Okay, TV aficionados, here's a pop quiz. What do "All in the Family," "The Simpsons," "Happy Days" and "Dallas" have in common?
If you're thinking all of the shows are 1) iconic and 2) wonderful TV, you're absolutely right. But they also share one other unique trait: 3) they were all midseason replacements.
As we settle back onto the couch for the second half of this television season, we'll have to adjust our viewing schedules to make way for a big batch of new shows. The midseason replacements are arriving, and if you want to stay on top of what's hot (and what's not), you'll want to tune in.
Media critics often call midseason replacements "micromanagement," but as legendary producer Norman Lear once noted, "whether you're a writer, producer or director, you're in the business to get ratings." And if those ratings are nose-diving against the competition -- even before the season is over -- you've got to act fast. To that end, midseason replacement shows are not only vital to network programmers -- they're often a matter of survival.
Even shows that launch at the beginning of a season are a gamble, and sometimes the networks try to cover their bets with a limited order -- none quite as limited as "Seinfeld," which NBC was so lukewarm about that it ordered only four episodes (one of the smallest on record). A lot of people say that it was "a show about nothing." Who would have guessed that Seinfeld's "nothing" was all we cared about?!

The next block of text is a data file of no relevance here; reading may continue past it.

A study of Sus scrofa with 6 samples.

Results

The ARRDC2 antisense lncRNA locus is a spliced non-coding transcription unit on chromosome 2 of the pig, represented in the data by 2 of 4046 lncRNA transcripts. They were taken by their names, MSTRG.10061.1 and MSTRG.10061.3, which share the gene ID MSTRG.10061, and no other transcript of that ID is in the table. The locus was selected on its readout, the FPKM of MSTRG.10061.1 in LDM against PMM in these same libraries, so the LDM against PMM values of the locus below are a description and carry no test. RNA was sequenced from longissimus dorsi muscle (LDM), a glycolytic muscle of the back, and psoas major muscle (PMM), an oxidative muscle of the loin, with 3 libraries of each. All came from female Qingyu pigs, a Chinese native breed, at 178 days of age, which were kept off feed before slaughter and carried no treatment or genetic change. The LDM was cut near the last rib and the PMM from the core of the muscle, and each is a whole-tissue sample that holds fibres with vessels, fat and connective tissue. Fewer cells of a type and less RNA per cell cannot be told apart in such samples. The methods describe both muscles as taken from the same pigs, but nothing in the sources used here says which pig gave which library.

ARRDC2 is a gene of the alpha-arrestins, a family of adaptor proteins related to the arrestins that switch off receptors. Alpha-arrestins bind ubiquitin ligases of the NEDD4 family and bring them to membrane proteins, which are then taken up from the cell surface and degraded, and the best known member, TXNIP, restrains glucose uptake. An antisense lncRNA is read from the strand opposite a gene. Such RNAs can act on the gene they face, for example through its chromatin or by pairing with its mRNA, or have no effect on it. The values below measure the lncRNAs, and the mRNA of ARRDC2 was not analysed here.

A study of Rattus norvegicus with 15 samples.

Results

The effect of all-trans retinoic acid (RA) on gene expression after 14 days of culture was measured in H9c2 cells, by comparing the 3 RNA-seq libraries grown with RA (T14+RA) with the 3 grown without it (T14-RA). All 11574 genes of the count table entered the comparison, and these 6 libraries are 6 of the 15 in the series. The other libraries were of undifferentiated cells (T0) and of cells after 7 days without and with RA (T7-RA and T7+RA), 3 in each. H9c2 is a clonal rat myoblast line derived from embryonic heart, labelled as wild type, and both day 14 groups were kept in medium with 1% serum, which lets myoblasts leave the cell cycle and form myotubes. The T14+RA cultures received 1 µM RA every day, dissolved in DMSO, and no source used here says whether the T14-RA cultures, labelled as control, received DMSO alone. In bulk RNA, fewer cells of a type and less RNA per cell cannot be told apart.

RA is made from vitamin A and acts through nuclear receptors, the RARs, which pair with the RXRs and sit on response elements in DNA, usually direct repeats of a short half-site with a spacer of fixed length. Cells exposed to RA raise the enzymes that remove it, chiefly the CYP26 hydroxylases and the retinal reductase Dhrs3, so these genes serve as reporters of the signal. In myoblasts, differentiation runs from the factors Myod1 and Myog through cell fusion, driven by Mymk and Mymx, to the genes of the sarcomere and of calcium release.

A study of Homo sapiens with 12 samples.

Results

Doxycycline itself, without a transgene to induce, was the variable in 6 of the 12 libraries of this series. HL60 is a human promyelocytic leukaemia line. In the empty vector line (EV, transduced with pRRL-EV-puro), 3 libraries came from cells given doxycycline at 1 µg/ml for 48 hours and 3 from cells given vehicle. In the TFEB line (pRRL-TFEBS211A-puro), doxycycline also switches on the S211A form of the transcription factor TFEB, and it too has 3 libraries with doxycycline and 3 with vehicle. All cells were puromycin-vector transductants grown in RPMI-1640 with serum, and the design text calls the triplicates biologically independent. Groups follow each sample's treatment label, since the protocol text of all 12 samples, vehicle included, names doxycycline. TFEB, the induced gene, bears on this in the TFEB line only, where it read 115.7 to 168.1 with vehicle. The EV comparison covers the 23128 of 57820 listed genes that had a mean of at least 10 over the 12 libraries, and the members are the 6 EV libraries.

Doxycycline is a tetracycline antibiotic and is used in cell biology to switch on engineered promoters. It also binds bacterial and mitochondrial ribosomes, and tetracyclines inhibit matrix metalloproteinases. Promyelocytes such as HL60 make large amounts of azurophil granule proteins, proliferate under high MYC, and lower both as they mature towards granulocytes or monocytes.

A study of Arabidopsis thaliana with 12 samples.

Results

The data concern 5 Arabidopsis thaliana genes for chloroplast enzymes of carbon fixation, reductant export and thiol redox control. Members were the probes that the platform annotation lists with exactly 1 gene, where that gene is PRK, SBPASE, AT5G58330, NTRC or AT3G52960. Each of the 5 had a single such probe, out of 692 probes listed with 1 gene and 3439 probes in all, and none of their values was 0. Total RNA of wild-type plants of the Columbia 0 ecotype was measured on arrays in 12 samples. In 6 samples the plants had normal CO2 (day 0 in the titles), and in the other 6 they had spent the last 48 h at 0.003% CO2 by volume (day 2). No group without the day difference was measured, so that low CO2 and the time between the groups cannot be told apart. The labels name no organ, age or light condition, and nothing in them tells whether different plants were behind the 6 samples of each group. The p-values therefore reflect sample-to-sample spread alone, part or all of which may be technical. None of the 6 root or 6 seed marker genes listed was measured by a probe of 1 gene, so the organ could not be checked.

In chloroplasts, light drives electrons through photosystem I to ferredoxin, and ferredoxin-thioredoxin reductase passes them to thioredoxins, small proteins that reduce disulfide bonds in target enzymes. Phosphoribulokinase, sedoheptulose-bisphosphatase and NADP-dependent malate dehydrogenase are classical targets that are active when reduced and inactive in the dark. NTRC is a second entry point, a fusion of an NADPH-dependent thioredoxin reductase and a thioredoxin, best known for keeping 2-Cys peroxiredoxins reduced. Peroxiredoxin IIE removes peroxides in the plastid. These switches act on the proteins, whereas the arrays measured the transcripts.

Sometimes the midseason-replacement gamble pays off. I remember when NBC's blockbusting "Bonanza" was burning up the airways, and programmers at CBS were struggling to whip up a Sunday night show that could compete with it. Halfway through the season, the execs were still coming up short, so they decided to toss an untested musical-comedy duo onto the schedule as a temporary fix, figuring they could regroup during the summer and schedule something more solid. So in February 1967, "The Smother Brothers Comedy Hour" premiered -- and, to everyone's surprise, it became a giant hit.
Not all midseason replacements enjoy such success, however. Remember CBS's frat-house sitcom "Co-Ed Fever?" Of course you don't. That's because it premiered -- and was cancelled -- on the same evening: February 4, 1979. TV execs had spotted a new genre in the hit movie "Animal House," and created the show to tap into its popularity. It didn't work. One critic described the show as "not so much a fever as a twenty-four hour bug."
So what new shows are on tap for this midseason? Take your pick. On March 9, ABC's Sunday night drama Revenge will move up an hour on the schedule to make room for a new supernatural series, Resurrection, starring Omar Epps and produced by Brad Pitt's Plan B Entertainment. NBC, meanwhile, has big hopes for its upcoming comedy, About a Boy, based on the best-selling novel by Nick Hornby and starring David Walton and Minnie Driver. And CBS is rolling out its new best-buddies sitcom, Friends With Better Lives (which already gets my vote as the best title of the year!).
So the big question is: will these and the other replacement shows fly...or die? Only time (and Nielsen ratings) will tell. Until then, take a look at this slide show we prepared for you, which features a star-studded lineup of many of your favorite TV shows -- all of which made their premieres halfway through the season. Happy nostalgia -- happy viewing!